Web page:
Natrona County Courthouse
J. Stephen Conn
/
Flickr via CC BY-NC 2.0
The Natrona County Courthouse in Casper.

Natrona County will give 277 of its employees a boost in pay with all receiving a holiday bonus. This comes after a months-long study that indicated some were not being compensated at the market rate for the positions.

“All part time and full time benefit eligible employees will receive a $650 Christmas bonus, so everybody will receive something,” said Danielle Kruchek, Director of Human Resources for Natrona County.

Additional pay increases were also approved this summer , though not all employees will receive an increase this time around.

“They all received something in July, so it was either a one dollar increase per hour if you made less than $70,000 a year; if you made $70,000 or more per year, then you got a three percent increase,” she said. “There are 77 employees who will not receive anything. They are already within market [rates] and that was the whole point was to get all employees up and be competitive with their respective job titles within the market.”

These raises only apply to the immediate internal county departments, not other county entities.

“We have outside boards as well, the Board of County Commissioners, they elect the outside board members for [things] like the airport, the public health department, the library, and so those are considered outside boards,” she said. “We just did the immediate internal departments. So we did road and bridge, parks, maintenance, IT. We did the coroner's office, the sheriff's office, the clerk's office, Clerk of District Court, the assessor's office, legal and human resources risk management. So just the immediate internal departments.”

Pay boosts were approved by Natrona County Commissioners, and those will increase the county’s payroll by $1.3 million. No new taxes were required for the increase.

Turnover, while not a pressing problem, is one thing that higher pay could address, in addition to employee retention and even increasing the attractiveness of county jobs.

“I wouldn't say that we have had an issue with turnover. We're average, we pulled our turnover rate, and we were under the 20 percent I think the last time I pulled it. We were at 17 percent,” she said. “We're below the Wyoming state average, but still, that's 17 percent, and turnover is expensive.”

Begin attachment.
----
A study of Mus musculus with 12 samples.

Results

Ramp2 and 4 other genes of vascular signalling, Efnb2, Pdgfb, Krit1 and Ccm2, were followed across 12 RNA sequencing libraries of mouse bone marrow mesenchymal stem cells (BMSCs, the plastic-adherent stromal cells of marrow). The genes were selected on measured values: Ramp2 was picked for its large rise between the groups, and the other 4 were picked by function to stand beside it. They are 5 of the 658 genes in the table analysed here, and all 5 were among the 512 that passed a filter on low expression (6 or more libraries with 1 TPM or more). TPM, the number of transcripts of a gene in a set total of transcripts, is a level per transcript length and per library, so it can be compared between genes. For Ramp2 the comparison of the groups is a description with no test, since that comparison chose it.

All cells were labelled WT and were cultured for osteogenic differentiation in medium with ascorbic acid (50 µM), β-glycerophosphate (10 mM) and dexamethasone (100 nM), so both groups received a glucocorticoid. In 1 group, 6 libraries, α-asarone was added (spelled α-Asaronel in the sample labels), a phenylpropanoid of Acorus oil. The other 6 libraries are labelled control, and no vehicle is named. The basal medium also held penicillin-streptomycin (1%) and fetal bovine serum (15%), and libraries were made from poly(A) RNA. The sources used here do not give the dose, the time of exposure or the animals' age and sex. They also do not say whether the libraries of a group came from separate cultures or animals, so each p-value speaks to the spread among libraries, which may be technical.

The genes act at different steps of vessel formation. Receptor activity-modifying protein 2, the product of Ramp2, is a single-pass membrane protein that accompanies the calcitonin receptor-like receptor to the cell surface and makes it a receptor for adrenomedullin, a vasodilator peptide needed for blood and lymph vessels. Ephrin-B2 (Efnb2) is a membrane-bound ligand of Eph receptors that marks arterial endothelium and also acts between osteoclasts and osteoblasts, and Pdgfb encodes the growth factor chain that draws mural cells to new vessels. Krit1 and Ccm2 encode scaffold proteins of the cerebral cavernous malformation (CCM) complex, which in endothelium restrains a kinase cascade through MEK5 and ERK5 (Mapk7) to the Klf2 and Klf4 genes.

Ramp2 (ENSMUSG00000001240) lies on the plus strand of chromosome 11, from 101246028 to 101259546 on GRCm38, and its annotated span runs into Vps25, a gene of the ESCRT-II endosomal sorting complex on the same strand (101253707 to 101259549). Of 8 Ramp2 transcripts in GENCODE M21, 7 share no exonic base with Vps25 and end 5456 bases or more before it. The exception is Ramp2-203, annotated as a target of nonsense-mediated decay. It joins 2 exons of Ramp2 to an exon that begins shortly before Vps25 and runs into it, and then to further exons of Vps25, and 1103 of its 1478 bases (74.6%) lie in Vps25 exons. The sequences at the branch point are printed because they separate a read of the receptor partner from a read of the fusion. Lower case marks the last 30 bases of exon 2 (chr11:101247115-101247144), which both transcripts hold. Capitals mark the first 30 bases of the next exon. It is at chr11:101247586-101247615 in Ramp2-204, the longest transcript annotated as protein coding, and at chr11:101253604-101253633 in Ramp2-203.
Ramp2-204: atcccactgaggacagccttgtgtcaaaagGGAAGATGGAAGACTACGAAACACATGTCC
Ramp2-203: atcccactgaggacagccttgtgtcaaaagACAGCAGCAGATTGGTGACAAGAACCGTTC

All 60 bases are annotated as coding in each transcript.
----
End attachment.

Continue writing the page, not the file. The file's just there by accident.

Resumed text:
The effects on the pay increases have already had an impact on the financial situation of employees.

“I can tell you that I did have an employee come to my office this morning and let me know that he had been looking for a position,” Kruchek said. “He had some changes with his own personal financial situation and, with the inflation, needed to find a job where he'd make more money, and now he won't have to leave, and he's been with the county for 10 years. So we would have lost one of those key employees had we not done this.”

Prior to this year, the most recent pay increases occurred in fiscal year 2019. Due to issues with a salary study that was never completed, the county experienced discrepancies in their accounting.

“Back in 2007, a company was hired to do a formal wage study. Just like I did, I pretty much just updated their formulas, and put everything together,” she said. “So they did this study back in April of 2007 [and] it would be implemented for the beginning of the fiscal year 2008. The commissioners never followed through with it and they have never done a formal market study since, so that's why we had inequities, compression issues. And now, hopefully, it'll be all sorted out, and we're just going to have to keep up with it every couple of years so that we don't fall back into the same tactics.”

There’s a wide range of what some employees are set to receive compared to others. In some cases, employees are set to receive thousands of dollars in increased pay due to the current market rates.

“You look at the city of Casper, you look at Campbell County, you look at Laramie County, you can look at all of the state data, that's how far they were lagging behind [salaries] for those positions,” Kruchek said. “So, it truly just kind of depends on the position and where it was in the market. Many of the clerks who just started if they don't have a full two years of service, if they're under two years of service, we were starting them at $15 an hour. In July, we increased our start to $17 an hour. And then if you had been here a year, and when you're here a year, you get another dollar. So those people are up to $18 an hour. They're fully within market now.”

Employees will receive their bonuses and pay increases on Nov. 30, which is the next payroll date.

Hugh Cook is Wyoming Public Radio's Northeast Reporter, based in Gillette. A fourth-generation Northeast Wyoming native, Hugh joined Wyoming Public Media in October 2021 after studying and working abroad and in Washington, D.C. for the late Senator Mike Enzi.